Product Review: Fitbit Flex
I have owned my Fitbit Flex for about a month now, and I have fallen prey to the fitness band craze. If you’re unfamiliar with these products, a few different companies have created fitness trackers (similar to pedometers or calorie burning monitors) that you can wear on your wrist like a bracelet. There are a few comparable models to the Fitbit Flex, such as the Jawbone Up and the Nike Fuelband. They each have different features, so if you’re interested in getting one, please do your research first. Not all fitness trackers are created equal, and they are not accurate for every single activity you do.
I happened to get my Fitbit Flex at 65% of retail cost, so I couldn’t resist the opportunity to try a fitness tracker at that price point. At $100, the Flex is much less expensive compared to the Up ($130) and the Fuelband ($150). The main features are tracking steps, calories, and my favorite–tracking my sleep. I love the wireless syncing too! All I have to do to sync my Flex with my computer is to hold it nearby. Amazing!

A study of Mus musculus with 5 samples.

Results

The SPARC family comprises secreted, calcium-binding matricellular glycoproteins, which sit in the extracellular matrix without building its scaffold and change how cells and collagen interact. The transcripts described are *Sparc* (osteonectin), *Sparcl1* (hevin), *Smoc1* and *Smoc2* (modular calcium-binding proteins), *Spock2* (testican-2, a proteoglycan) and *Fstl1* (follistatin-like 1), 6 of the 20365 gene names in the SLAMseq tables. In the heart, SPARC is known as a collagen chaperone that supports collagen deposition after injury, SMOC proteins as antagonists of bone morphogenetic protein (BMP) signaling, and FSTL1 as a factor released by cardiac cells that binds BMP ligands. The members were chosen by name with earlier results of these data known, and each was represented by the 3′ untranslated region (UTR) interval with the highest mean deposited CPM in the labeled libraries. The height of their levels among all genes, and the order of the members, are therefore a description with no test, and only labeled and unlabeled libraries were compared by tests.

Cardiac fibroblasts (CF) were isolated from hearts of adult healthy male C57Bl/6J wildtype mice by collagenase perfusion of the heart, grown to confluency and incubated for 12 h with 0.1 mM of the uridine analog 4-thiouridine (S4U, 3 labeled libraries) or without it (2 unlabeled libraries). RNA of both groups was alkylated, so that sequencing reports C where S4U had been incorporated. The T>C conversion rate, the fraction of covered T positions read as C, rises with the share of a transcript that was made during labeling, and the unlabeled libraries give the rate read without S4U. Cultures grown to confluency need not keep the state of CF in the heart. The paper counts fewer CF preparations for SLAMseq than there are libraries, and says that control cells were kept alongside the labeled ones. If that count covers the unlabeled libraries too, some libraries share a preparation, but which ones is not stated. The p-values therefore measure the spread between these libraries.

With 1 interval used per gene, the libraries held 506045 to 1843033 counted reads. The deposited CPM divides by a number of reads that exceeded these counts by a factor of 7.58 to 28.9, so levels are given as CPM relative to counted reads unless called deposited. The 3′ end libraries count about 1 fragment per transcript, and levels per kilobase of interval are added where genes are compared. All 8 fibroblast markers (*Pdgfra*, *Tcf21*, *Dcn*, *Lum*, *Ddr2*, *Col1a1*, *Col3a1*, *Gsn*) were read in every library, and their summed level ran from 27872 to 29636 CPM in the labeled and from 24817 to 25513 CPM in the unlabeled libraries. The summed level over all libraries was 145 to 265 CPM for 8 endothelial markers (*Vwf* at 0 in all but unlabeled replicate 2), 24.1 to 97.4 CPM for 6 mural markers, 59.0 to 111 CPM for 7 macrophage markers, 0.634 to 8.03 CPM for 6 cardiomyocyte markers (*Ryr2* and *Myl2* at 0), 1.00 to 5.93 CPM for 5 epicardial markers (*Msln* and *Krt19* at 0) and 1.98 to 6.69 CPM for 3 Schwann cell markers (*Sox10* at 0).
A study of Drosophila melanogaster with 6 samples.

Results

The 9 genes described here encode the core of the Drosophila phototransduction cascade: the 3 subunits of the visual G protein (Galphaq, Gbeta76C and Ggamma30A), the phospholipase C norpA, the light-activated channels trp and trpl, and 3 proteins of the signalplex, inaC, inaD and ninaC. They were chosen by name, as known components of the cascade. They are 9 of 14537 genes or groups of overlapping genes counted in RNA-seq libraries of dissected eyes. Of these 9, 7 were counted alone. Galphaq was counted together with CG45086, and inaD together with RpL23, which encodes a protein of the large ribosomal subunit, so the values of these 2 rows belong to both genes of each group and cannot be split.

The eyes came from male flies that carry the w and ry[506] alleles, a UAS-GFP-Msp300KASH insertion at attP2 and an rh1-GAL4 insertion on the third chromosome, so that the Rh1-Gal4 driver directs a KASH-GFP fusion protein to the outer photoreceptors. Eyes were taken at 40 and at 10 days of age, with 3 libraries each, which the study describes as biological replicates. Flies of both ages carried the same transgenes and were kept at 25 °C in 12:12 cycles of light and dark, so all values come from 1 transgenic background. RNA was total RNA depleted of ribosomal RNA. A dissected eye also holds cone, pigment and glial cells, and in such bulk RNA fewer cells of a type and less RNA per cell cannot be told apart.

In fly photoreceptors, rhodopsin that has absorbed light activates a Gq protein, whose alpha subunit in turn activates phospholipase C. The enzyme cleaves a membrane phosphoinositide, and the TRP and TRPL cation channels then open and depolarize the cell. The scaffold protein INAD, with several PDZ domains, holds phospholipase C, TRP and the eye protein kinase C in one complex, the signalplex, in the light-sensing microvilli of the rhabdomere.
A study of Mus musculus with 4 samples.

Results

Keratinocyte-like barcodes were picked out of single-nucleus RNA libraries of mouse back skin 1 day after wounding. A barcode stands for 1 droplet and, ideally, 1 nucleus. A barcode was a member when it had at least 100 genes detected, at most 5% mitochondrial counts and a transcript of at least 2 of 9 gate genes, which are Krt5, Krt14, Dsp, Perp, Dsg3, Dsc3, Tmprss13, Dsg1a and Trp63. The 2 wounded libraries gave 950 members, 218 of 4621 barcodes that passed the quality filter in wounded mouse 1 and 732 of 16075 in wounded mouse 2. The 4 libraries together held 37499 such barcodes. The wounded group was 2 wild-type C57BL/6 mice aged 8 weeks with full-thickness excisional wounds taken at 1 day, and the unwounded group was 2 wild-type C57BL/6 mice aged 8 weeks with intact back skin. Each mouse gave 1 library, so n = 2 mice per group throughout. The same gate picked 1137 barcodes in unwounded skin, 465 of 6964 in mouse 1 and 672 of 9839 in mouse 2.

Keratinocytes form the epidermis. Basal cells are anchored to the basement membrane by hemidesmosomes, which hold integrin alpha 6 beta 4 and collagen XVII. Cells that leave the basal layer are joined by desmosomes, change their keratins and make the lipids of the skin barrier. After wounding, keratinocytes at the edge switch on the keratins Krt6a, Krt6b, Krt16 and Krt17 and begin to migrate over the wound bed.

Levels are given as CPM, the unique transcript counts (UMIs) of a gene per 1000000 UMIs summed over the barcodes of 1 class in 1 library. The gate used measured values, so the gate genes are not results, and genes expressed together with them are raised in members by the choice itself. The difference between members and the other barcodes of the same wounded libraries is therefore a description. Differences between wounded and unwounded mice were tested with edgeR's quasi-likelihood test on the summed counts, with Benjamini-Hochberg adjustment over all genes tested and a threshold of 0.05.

For most people, fitness trackers serve as gentle reminders to stay active. I’m a decently healthy person (with a soft spot for sweets, of course), but seeing as how I spend the majority of my weekdays sitting at a desk for work, I wanted something to remind me to take a lap around the building once or twice, or to get up and move around from time to time. I want to know how many “steps” I take on an average day, and see how that compares to when I’m working out.
At the end of day 1, I managed to walk about 7,100 “steps”. That’s a decent amount of steps on my off day from the gym. Anytime I take a cardio class, I usually hit my goal of 10,000 steps. Each week, Fitbit sends me an email with my weekly stats: how long I sleep, how long it takes me to fall asleep, my most active days, my least active days, etc.
While the device isn’t perfect, it’s pretty awesome overall. The band gets a little dinged up, you have to tell it when you’re going to sleep, it doesn’t have a face, and it doesn’t give you specifics prior to synching. However, it does what I need it to do, which is serve as a friendly reminder to get up and move around at work.
And yes, in case you were wondering, I am that person who runs around their living room for 5 minutes before bed if I’m 500 steps short of my goal.
Do you have a fitness tracker? Which one, and what do you think of it?
Update 8/8/17: I have since upgraded to the newer Fitbit models. The Charge HR is what I use now.